Yesterday, in a classroom of about 400 people, my professor asked: “Are you free?”
America is the Land of Freedom. People come to the U.S. assuming that their choices will be respected, exercising their human right to the unconfined pursuit of happiness. I answered “Yes,” anticipating being among the majority. To my amazement, 60 percent of my class answered “No.” Now that’s worth writing about…
The very first written record of freedom is “Amagi,” an ancient Sumerian cuneiform originally meaning “free from debt slavery.”The term “Amagi” can also be literally translated to “return to mother,” indicating one’s return to one’s origin. This notion represents the beginning expressions of freedom — not freedom of choice, freedom of speech, or anything else. It was more a sense of belonging to a nation state where your trust resides. It is a nation your heart beats for and your body fights for. It is a nation that might not be perfect yet, but it is YOUR nation, home to your hope of making a living and building a generation under an agreeable ideal.
I, by no means, am implying that the 10 freedoms ensured in the Bills of Right are not important. Rather, I am offering an unconventional way to think about freedom, a way in which we can, for once, put our personal egos aside and reflect on what’s at stake: the future of our nation and our freedom.
As an international student, I take my interest in understanding the American culture seriously. I know that there are many constraints on American individuals. Yet, by looking beyond the frustration and disappointment that many Americans feel toward the American government, I can’t help, but feel defensive.
Why aren’t you doing something about it?
Many people complain that they do not have enough freedom; many of them never actually exercised their freedom in the first place. If you are frustrated with your government, then take the time to understand your local politicians before voting for them (but wait, did you even vote?). Complaining might seem like a release, but it doesn’t solve problems. Freedom is earned. It is ironic how people want freedom yet don’t fight for it.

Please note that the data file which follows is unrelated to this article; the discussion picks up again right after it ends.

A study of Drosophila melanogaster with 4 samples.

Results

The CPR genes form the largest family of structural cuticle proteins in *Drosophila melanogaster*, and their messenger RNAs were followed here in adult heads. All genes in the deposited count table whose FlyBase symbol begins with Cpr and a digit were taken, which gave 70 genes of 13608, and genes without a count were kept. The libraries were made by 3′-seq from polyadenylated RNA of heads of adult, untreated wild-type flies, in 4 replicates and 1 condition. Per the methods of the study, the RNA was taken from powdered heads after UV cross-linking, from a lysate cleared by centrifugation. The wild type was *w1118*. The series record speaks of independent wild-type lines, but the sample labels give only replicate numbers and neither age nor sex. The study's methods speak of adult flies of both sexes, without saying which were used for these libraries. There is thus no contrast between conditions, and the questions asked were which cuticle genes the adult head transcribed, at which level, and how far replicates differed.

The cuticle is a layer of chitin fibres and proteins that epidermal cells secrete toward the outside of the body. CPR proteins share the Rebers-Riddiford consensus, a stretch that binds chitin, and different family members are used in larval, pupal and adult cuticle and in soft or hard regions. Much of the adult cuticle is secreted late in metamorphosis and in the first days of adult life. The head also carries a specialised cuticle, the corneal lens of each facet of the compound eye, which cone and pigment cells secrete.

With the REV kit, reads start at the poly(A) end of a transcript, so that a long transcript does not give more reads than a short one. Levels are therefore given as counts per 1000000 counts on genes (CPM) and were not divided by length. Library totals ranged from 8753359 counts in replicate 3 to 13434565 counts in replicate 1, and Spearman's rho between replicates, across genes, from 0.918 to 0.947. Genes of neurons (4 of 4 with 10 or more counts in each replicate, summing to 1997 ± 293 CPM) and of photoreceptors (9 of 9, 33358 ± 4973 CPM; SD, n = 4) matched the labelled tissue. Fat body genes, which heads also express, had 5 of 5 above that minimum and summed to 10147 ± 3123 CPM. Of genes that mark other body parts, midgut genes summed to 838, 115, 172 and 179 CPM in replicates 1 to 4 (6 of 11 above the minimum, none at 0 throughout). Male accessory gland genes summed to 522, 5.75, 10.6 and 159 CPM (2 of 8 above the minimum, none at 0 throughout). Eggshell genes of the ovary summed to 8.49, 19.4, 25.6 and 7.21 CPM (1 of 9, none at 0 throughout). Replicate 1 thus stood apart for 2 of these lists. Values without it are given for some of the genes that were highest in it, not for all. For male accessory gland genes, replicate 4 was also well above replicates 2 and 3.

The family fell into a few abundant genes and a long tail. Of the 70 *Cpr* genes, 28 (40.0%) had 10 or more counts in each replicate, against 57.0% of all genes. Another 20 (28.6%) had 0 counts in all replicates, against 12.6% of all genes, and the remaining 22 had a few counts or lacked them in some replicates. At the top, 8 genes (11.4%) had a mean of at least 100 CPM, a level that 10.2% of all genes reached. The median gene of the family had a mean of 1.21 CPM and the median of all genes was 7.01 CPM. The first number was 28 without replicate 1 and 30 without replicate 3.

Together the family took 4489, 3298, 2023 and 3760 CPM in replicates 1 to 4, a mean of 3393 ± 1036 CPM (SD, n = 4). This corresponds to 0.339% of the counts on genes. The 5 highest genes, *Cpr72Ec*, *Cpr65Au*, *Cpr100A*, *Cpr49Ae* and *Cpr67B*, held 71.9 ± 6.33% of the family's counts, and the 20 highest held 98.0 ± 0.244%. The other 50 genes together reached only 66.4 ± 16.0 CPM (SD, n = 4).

In addition, many people complain about infringements on their right to freedom of speech, freedom of religion, and so on. Do these same people pause to think how exercising their freedom might restrain or even hurt the freedom of others? Freedom of speech and expression give us the right to freely express ourselves, but not in the fashion of abusing or harassing other people.
One day I was walking on campus and saw a group of female students in tears because of the exhibit of anti-abortion materials from local religious groups on campus. As the school president, I felt impotent because I couldn’t do anything to change it. The religious groups were expressing their “freedom of religion” and “freedom of speech.”
It is important to understand the conflict of interest among human rights and exercise your freedom in the manner that is respectful of those differences. After all, freedom wasn’t meant to favor any one individual above another; it is a social contract of respect.
This brings us back to “Amagi” – “return to mother.” I like this raw expression of freedom because even though it sounds simple, it is an impacted and meaningful notion. It reminds us that freedom is less about selfishness, and more about harmony. It is about the value of living together under one roof, respecting everyone’s freedom and constantly fighting for its betterment.
I would like to end this article by quoting one of IVN’s active contributors, Bob Conner:
“Being an American is much like being a member of a massive family — we’re sometimes completely dysfunctional, we frequently battle in sibling rivalry, but we always belong to the family despite all our differences, and when it’s necessary, we understand the value of cohesiveness.”